Winter's Icy Grip Seen in Astronaut Photo
This image, taken on Jan. 19 from the International Space Station, show ice covering North Dakota's Lake Sakakawea.
While winter has seemed like a no-show for most of the country, North Dakota's Lake Sakakawea is certainly seeing its effects: Ice covers the surface of the lake in this photo snapped by an astronaut aboard the International Space Station, demonstrating the harsh conditions experienced during winter in this region.
A local weather station near New Town, N.D., reported an air temperature of minus 11 degrees Fahrenheit (minus 24 degrees Celsius), with a wind chill of approximately minus 25 F (minus 32 C) at 10:36 a.m. local time — six minutes before the image was taken. [Coldest Places on Earth ]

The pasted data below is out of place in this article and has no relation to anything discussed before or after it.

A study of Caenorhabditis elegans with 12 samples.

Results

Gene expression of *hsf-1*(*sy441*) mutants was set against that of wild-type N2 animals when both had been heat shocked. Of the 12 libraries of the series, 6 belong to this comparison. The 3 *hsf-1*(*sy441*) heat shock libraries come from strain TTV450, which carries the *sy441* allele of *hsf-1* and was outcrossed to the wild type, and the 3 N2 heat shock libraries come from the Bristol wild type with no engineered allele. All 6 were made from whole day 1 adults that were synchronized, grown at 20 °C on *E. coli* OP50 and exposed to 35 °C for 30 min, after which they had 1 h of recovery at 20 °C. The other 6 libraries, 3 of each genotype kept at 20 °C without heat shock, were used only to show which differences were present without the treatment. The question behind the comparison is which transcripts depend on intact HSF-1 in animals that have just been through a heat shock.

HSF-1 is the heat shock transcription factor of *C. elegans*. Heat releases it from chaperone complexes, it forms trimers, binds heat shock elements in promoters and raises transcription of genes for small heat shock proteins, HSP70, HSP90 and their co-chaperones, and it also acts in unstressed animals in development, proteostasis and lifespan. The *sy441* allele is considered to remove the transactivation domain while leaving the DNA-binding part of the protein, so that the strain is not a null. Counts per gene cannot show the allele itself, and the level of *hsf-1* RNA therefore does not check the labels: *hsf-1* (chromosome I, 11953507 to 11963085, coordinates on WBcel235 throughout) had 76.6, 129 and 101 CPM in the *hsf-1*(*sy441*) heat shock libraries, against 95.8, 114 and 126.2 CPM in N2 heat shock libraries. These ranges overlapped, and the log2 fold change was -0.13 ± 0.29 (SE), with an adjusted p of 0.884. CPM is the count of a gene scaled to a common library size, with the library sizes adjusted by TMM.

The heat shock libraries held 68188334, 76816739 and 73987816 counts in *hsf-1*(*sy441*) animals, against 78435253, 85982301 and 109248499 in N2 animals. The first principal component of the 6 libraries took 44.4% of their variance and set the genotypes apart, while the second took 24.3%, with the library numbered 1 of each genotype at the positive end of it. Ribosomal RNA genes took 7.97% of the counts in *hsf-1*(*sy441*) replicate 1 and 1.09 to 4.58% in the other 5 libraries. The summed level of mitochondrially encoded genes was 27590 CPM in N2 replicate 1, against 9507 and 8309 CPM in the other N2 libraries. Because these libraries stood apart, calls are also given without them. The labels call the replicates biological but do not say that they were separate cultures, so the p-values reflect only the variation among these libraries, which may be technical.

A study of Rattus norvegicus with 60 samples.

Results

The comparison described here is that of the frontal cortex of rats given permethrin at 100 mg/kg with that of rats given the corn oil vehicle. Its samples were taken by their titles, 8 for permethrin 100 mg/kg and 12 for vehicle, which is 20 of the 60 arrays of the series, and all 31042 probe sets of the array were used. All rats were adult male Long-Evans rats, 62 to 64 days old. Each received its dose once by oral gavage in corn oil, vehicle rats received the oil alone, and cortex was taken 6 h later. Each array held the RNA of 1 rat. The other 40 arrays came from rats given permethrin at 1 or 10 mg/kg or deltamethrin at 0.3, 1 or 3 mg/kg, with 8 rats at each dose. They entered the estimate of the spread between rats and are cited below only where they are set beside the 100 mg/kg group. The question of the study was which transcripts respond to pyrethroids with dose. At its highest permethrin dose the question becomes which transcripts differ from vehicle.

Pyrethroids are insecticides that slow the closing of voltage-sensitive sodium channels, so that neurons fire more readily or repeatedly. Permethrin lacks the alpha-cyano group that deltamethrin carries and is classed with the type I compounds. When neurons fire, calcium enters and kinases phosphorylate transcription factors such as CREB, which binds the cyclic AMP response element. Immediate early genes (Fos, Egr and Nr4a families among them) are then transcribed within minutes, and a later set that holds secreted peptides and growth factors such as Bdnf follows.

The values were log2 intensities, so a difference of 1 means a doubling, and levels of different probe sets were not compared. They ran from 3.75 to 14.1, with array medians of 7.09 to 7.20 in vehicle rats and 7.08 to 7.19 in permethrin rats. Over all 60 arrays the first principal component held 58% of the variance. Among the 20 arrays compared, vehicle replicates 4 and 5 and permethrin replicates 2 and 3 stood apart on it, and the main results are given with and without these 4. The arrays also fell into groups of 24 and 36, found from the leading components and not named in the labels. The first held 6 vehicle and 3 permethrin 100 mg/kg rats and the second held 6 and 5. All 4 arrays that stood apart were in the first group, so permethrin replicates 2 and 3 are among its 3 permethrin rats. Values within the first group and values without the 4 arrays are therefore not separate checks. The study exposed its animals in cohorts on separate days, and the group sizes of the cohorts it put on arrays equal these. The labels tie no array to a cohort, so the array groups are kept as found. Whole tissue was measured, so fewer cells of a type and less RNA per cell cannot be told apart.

In addition to the grey ice on the lake, a dusting of white snow highlights the agricultural fields to the north and northeast, as well as fissures and irregularities in the ice surfaces.
For scale, the arms of the lake to either side of New Town are approximately 6 miles (10 kilometers) apart.
Lake Sakakawea is named for the Shoshone woman generally known as Sacagawea, or "Bird Woman" and comes from the Hidatsa language. From 1805 –1806, she accompanied the Lewis and Clark Expedition as an interpreter and guide, according to a NASA statement.
The lake was created in 1954 following the completion of Garrison Dam on the Missouri River. With a surface area of approximately 368,000 acres (148,924 hectares) and length of 178 miles (286 km), Lake Sakakawea is one of the largest artificial reservoirs in the United States.